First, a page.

Blog: Our Aging Country

Burt Ross

For some reason, I always thought the United States was a very young country, but when I did some research, I was in for a shock. Although we haven’t even reached our 250th anniversary yet, most of the countries on Planet Earth were formed considerably later than the U.S. was. Don’t take my word for it. If you don’t believe me, go to Wikipedia’s list of sovereign states by dates of formation. We are no longer the new kid on the block, but rather an aging country.

The good news is that we have endured and thrived because of the genius of our founding fathers, and contrary to the pundits, cynics, skeptics, and naysayers (and the country abounds in them), we are still the envy of billions of people around the world.  We have suffered wars, severe economic downturns and even unfit leaders (I will refrain from the obvious temptation here), yet our country continues to enjoy freedoms and prosperity of which most people could only dream.

Once a year, we honor the vision and courage of that small group of true patriots who literally risked their lives to give us a democracy that has withstood the test of time. The concept of checks and balances, the rights of the individual and the minority, the recognition that open criticism of the government is an essential part of a true democracy — all have helped make our form of government most unusual, if not unique.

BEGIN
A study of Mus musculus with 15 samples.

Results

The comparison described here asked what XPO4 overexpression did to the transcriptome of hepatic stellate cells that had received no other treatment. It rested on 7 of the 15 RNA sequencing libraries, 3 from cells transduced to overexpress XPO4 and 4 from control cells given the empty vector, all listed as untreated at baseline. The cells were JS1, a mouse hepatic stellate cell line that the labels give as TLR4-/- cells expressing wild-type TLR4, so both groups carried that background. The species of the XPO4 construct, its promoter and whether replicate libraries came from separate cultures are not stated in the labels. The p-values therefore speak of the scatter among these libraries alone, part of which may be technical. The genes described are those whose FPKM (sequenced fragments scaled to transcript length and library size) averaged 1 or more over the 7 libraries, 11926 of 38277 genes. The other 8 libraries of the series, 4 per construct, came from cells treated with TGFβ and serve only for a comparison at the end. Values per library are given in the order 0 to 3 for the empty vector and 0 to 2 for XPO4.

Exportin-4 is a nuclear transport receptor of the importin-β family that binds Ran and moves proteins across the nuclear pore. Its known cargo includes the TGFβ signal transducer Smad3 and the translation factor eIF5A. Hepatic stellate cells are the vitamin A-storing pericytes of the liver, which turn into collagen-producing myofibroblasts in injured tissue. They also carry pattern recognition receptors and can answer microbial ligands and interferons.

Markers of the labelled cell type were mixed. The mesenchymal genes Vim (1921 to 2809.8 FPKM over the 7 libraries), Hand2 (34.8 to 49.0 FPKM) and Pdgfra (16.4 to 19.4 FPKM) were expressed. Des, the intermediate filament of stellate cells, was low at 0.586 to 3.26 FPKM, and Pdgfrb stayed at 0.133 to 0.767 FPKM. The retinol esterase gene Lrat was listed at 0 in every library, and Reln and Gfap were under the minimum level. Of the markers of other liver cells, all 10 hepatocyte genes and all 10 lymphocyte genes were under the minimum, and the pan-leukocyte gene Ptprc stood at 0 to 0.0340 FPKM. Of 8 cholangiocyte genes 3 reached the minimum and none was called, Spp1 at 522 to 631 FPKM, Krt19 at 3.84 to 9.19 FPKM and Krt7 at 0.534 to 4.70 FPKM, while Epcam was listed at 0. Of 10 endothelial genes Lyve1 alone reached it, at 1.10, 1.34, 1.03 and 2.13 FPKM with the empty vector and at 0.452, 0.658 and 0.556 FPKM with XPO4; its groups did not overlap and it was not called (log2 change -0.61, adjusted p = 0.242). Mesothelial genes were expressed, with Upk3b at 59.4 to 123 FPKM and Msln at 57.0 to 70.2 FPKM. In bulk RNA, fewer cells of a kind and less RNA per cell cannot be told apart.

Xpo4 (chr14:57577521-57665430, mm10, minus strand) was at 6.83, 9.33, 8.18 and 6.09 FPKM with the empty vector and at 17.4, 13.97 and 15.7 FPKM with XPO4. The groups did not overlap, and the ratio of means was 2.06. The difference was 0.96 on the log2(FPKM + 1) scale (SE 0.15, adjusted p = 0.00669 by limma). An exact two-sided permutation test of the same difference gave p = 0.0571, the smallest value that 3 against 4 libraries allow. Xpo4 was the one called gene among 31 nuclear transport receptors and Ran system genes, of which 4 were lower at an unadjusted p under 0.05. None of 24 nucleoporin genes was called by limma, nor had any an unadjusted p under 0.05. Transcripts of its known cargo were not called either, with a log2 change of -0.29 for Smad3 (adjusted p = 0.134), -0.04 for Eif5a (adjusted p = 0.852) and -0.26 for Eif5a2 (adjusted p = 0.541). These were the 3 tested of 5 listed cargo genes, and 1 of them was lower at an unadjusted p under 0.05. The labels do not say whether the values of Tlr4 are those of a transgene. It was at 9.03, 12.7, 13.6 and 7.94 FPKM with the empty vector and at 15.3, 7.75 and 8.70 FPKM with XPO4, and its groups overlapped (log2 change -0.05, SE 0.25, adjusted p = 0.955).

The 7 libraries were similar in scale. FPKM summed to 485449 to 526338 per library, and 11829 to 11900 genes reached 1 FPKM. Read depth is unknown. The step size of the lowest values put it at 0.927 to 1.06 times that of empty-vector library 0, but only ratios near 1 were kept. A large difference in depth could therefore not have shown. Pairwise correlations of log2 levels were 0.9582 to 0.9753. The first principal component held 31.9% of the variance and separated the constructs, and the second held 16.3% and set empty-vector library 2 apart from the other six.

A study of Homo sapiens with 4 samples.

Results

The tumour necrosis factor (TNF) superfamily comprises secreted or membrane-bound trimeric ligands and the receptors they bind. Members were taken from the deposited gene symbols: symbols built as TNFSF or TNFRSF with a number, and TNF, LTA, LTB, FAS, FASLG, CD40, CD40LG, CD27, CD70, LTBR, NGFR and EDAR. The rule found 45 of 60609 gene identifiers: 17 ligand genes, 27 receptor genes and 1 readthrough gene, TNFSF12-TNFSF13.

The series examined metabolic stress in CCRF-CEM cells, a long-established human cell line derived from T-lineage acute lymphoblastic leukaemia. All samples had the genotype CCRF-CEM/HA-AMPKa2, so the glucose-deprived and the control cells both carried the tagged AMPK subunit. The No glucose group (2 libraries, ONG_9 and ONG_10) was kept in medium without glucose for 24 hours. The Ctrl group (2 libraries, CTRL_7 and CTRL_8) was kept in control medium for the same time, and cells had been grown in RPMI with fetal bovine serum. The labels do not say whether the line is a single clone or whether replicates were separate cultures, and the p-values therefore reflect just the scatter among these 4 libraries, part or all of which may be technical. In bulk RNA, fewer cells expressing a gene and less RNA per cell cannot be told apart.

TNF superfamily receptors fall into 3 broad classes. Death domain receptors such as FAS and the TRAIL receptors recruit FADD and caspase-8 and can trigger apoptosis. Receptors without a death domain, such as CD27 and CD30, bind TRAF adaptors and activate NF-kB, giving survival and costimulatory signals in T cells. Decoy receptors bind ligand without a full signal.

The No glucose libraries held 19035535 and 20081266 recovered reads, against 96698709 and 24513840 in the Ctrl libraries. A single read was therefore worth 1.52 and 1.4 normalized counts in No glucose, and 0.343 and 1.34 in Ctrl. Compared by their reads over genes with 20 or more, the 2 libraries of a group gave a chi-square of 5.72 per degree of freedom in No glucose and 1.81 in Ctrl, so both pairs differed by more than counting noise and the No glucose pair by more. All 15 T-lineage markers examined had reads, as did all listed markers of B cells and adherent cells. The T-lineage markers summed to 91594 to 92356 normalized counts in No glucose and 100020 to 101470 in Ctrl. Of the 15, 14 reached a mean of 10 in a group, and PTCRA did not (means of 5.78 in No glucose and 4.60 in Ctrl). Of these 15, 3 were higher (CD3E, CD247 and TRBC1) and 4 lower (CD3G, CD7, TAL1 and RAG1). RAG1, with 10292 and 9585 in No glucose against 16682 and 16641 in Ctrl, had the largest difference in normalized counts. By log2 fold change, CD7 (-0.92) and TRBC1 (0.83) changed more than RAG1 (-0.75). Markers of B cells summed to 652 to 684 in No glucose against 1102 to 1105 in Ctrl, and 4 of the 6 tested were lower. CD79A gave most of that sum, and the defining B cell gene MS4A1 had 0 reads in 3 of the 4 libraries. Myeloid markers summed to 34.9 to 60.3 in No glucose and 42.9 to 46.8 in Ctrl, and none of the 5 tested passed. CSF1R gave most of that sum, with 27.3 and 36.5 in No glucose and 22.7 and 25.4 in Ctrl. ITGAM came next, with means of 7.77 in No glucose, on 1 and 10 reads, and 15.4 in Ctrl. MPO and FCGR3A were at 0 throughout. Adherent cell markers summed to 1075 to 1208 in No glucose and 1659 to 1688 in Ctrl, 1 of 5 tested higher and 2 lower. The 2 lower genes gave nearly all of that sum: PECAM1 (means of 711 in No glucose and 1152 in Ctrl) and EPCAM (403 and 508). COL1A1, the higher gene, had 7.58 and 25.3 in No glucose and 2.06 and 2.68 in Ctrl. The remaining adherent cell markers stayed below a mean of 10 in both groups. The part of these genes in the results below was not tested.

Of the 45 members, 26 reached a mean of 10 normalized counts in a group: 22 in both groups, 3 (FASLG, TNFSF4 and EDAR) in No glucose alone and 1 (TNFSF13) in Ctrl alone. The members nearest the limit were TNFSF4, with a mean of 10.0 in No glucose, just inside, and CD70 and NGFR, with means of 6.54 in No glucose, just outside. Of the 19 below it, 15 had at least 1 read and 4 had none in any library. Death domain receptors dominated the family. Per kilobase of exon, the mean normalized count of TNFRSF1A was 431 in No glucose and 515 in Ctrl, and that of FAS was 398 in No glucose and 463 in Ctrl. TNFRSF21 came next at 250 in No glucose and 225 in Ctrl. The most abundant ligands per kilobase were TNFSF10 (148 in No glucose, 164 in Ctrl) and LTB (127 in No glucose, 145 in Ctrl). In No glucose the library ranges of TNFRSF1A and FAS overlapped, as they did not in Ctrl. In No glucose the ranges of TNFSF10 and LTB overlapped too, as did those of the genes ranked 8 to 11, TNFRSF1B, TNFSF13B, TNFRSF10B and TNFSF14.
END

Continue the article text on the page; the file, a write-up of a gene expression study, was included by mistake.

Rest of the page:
For those who prematurely announce the demise of our system and lament the growing loss of civility, just remember that in 1804 two political enemies, Aaron Burr, a sitting vice president of the United States, killed a former secretary of the treasury, Alexander Hamilton. It seems to me it doesn’t get less civil than that.

July Fourth is a great time to remember how blessed we are to live here despite our country’s many faults and frailties. I cannot begin to think of another country where I would rather live. Happy birthday, old country of mine!